U.S. sues to block AT&T purchase of Time Warner
AT&T earlier rejected government demand it sell DirecTV unit or Time Warner's Turner Broadcasting
The U.S. Department of Justice sued AT&T Inc. on Monday to block its $85.4 billion US acquisition of Time Warner Inc., saying the deal could raise prices for rivals and pay-TV subscribers.
The legal challenge came after AT&T rejected a demand by the Justice Department earlier this month to divest its DirecTV unit or Time Warner's Turner Broadcasting - which contains news network CNN - in order to win antitrust approval.
The government also argued that AT&T would use Time Warner content to slow the industry's transition to online video and other innovative distribution models.
AT&T described the lawsuit as "a radical and inexplicable departure from decades of antitrust precedent," according to AT&T head lawyer David McAtee. He said so-called vertical mergers, between companies that are not direct competitors, are routinely approved.
"We see no legitimate reason for our merger to be treated differently," said McAtee, adding that AT&T is confident a judge will reject the Justice Department's case.
Time Warner's shares dropped 1.1 per cent to close at $87.71, while AT&T shares closed up 0.4 per cent at $34.64.
The No. 2 U.S. wireless carrier struck a deal in October 2016 to buy Time Warner, which also owns the premium channel HBO and movie studio Warner Bros, so it can bundle video entertainment on its mobile service.
AT&T says that would help it compete with emerging technology companies such as Netflix Inc, Amazon.com Inc's Prime Video and other competitors.
The deal instantly became a political lightning rod. Donald Trump, a frequent critic of Time Warner's CNN, attacked the merger on the campaign trail last year, vowing that as president his Justice Department would block it.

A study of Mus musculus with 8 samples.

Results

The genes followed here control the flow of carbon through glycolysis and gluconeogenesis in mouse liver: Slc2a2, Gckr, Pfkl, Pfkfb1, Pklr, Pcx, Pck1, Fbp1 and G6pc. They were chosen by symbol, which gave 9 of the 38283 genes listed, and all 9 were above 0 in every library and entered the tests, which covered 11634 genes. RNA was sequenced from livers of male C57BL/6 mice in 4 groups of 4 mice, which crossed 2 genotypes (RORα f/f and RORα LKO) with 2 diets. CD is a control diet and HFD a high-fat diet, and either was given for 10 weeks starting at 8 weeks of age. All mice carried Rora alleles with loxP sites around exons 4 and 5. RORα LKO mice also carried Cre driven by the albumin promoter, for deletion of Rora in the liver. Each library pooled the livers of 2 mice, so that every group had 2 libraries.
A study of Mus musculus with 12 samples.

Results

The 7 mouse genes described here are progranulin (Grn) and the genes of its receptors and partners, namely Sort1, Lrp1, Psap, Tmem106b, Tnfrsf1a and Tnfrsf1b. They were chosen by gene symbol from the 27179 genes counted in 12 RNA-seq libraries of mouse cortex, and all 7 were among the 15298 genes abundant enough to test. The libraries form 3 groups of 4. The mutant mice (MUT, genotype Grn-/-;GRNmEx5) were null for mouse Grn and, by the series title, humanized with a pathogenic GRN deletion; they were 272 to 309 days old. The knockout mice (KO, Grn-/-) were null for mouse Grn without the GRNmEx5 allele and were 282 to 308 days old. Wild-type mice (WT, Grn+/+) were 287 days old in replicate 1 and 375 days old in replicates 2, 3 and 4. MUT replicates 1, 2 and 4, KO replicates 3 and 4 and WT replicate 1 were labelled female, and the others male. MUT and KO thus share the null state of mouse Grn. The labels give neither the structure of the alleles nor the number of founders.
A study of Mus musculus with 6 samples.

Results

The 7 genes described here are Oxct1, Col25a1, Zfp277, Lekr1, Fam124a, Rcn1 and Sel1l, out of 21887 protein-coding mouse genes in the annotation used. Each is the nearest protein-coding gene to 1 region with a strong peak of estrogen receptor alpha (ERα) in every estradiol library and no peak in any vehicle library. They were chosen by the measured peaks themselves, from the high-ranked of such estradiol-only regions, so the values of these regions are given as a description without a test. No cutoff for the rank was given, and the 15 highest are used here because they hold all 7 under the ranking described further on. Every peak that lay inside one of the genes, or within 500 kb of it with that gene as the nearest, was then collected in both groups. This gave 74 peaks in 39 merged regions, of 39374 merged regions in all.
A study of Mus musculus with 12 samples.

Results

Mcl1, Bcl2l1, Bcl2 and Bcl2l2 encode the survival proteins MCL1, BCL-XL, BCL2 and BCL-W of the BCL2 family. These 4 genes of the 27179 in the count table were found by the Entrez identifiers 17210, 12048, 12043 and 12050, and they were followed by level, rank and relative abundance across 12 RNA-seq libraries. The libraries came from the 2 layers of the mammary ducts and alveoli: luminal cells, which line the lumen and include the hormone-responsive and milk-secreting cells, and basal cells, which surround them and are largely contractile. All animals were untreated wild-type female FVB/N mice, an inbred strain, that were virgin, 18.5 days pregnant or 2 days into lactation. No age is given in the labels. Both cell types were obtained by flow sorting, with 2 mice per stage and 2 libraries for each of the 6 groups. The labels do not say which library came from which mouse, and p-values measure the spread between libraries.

The deal is also opposed by an array of consumer groups and smaller television networks on the grounds that it would give AT&T too much power over the content it would distribute to its wireless customers.
Reuters reported earlier this month that the Justice Department believed the merger would raise costs for rival entertainment distributors and stifle innovation and could allow AT&T to withhold key content from HBO, CNN or other of its channels from competitors.
Last week, the Justice Department had approached 18 state attorneys general asking them to join the challenge of the deal, but as of Monday none had publicly agreed to do so, Reuters reported.
During his campaign, Trump said that reporters had covered him unfairly and has continued to attack CNN as president, which he has labeled as "fake news." He has not commented on the AT&T deal since his inauguration in January.
U.S. Attorney General Jeff Sessions declined to say last week if anyone from the White House had discussed the merger with any Justice Department officials.